When you’re faced with a room that needs redoing, you don’t always have to call a professional painter to get the job done.
With just a few preparatory considerations and a few useful tips to keep in mind, you can tackle the job yourself and achieve success.
Think about the room and the flow
The first consideration you should make before even choosing your paint is to think about the room you’re going to be painting. Is it a central part of your home, that should reflect the central theme of your lifestyle? Is it a child’s room, that should be colourful and stimulating?
Will the traffic pattern in your property result in the room being seen alongside another room, so the colour patterns should be harmonious? Does the room have wide expanses of open wall, so that large sections of the colour will be on view all the time? A lot of the decisions you’ll make next about colour, finish, and paint will depend on your assessment of the room you’re about to paint.
Consider the colour
Probably the most important decision about your paint job that will determine its success is the colour you choose. Think about the floor of the room – is there coloured carpeting? If the floor is wood or tile, what colour is it?
The colour of the walls should be a good complement to the colour of the flooring material. Is there standard furniture in the room that isn’t going to change? If you have a dark blue couch, you probably don’t want to paint the walls of your living room purple.
If you’re painting a child’s room, you may want to choose a darker colour, which will be less likely to show the stains that little ones are prone to making. If the room has plenty of windows and natural light coming in, your options for choosing colours are unlimited – darker colours won’t interfere with the openness of the room.
But if there aren’t many windows or the room is small, a darker colour can be cloying and claustrophobic. When you have an idea of the colour you’d like, go to the paint store and bring home some swatches you like. Tape them lightly around the room.
Check out the colours at different times of the day, in different lighting situations, both artificial and natural.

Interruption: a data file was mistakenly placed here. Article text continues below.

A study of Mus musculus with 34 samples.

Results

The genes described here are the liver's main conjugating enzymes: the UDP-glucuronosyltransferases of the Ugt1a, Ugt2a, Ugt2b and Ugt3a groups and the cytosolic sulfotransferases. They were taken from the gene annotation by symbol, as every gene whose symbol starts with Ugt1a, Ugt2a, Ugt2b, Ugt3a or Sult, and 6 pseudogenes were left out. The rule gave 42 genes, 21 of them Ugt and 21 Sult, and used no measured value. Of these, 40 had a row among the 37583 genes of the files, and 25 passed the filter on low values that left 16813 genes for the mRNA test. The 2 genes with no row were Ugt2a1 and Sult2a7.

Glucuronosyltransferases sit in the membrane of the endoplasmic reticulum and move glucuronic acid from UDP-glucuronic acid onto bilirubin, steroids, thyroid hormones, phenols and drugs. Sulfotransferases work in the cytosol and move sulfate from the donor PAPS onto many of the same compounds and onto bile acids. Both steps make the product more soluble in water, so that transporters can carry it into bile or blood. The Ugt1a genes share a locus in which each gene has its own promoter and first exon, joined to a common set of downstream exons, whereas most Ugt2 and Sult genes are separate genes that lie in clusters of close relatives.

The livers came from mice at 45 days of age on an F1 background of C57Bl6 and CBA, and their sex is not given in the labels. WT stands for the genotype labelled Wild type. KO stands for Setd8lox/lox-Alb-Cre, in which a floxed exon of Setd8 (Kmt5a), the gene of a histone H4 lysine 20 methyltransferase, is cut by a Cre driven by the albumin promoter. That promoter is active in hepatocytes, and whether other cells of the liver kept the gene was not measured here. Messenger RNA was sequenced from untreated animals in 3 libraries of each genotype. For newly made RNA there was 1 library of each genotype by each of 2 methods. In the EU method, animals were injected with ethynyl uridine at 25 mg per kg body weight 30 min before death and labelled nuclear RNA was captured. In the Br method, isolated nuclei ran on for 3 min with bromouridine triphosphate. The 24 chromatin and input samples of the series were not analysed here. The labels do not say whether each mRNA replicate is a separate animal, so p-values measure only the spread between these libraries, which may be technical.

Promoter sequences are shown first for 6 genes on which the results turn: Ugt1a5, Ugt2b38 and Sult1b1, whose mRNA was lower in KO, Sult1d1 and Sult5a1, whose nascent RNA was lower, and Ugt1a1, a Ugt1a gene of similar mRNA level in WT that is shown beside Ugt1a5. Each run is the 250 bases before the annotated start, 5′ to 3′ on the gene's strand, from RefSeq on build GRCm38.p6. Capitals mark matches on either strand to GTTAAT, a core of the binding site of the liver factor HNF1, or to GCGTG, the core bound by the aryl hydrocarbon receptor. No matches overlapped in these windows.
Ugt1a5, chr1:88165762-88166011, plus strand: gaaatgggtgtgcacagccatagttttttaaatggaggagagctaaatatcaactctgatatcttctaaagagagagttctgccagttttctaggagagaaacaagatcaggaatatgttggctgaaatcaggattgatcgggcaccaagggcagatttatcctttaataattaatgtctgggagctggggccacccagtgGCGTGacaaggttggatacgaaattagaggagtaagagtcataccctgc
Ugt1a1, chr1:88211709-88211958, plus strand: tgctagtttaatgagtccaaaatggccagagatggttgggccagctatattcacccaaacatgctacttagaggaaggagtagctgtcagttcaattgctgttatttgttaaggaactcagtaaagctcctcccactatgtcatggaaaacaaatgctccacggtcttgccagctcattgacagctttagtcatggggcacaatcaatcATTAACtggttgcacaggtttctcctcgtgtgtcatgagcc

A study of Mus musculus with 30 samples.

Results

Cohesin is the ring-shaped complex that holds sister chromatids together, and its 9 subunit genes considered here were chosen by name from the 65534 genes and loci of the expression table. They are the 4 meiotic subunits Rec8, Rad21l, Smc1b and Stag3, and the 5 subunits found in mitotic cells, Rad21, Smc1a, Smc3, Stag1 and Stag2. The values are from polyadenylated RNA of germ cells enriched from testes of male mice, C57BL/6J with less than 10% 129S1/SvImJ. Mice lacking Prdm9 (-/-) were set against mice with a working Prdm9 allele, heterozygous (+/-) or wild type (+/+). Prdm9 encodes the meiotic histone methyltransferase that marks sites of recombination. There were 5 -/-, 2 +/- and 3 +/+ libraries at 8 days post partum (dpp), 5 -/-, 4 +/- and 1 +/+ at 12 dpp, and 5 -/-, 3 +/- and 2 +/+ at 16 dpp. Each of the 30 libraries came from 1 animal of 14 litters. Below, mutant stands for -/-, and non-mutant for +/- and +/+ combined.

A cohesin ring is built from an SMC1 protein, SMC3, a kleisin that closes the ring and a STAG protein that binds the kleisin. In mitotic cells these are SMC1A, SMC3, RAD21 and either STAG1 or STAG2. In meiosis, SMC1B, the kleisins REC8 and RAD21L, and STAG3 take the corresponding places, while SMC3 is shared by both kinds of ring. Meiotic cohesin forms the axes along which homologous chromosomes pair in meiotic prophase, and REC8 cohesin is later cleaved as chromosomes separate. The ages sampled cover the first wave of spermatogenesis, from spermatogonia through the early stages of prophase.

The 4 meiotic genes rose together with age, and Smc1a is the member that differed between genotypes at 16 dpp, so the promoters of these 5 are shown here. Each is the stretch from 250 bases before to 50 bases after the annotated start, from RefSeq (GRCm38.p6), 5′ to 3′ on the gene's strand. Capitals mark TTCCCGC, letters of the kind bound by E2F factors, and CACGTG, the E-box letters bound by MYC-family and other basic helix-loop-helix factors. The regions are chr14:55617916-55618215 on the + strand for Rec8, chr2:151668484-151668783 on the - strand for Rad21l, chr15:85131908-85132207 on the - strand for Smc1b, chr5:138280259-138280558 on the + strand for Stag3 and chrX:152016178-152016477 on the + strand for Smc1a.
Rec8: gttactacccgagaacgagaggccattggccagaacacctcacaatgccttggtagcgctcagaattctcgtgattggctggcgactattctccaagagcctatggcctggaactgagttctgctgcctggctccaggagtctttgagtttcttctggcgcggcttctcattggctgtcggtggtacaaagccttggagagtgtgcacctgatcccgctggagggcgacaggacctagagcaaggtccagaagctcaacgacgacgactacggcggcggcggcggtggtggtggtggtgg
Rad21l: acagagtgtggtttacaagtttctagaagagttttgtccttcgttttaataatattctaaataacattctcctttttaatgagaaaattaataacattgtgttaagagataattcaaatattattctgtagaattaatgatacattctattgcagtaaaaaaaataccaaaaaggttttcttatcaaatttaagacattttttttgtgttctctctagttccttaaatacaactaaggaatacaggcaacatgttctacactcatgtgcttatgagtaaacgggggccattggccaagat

Finish should be a starting point
Before you go to pick up the paint, you need to consider which finish you’re going to use. Flat or satin finishes work well for bedrooms, living rooms, and ceilings. Flat paint doesn’t reflect light at all, so it will hide any imperfections or irregularities in walls. Satin finish, however, has a very slight sheen, so it looks a little richer and is easier to clean than flat paint.
For a kitchen or bathroom, you may want to go with semi-gloss paint because it is more durable than flat or satin. For moldings and trim of any room, semi-gloss or even gloss is probably a good option, since those areas of rooms usually get the most abuse from hands, feet, and furniture.
Preparation is everything
Before you even bring the paint into the room, be sure you have the floor adequately covered with a drop cloth or sheet of plastic, or even sheets of newspaper. You don’t want to have a perfect paint job on the walls be accompanied by an unsightly splotch of paint on the carpet.
After the floor is protected, examine the walls for any cracks, holes, or imperfections that need to be smoothed out. Use spackling paste to fill in any spots that need it, and then apply a coat of primer to ensure a flawless finish with the real paint. A primer is especially important when you are changing the colour from dark to light.
Tools can make or break the final job
One of the essential tools for a good paint job is quality painter’s tape, or even quality masking tape. Mark areas you don’t want to paint, such as window moldings, the edges of ceilings, or air vents. Be sure the edge of the paint is firmly pressed down, so paint won’t seep beneath it.
A 2-inch angled paint brush is essential for being able to “cut in” corners, and a roller brush with an extension for reaching high places, especially if you’re going to be painting ceilings. You’ll also need roller trays, rags, paper towels, and a bucket of water or nearby sink for cleanup.
Pick the best paint
Chances are that you’re going to be living with this paint job for a long time, so you don’t want to scrimp on the most important part – the paint itself. Buy the best quality paint that your budget will allow. Good quality paint is easier to apply, is less likely to face, affords better coverage, and is going to be easier to care for in the long run.
Painting a room shouldn’t be intimidating. You have nothing to lose – if you’re unhappy with the results, you can always call in a professional then. But if the results are stunning, just think of the complements and admiration you’ll get from people when you’re able to say, “Thanks, I did it myself!”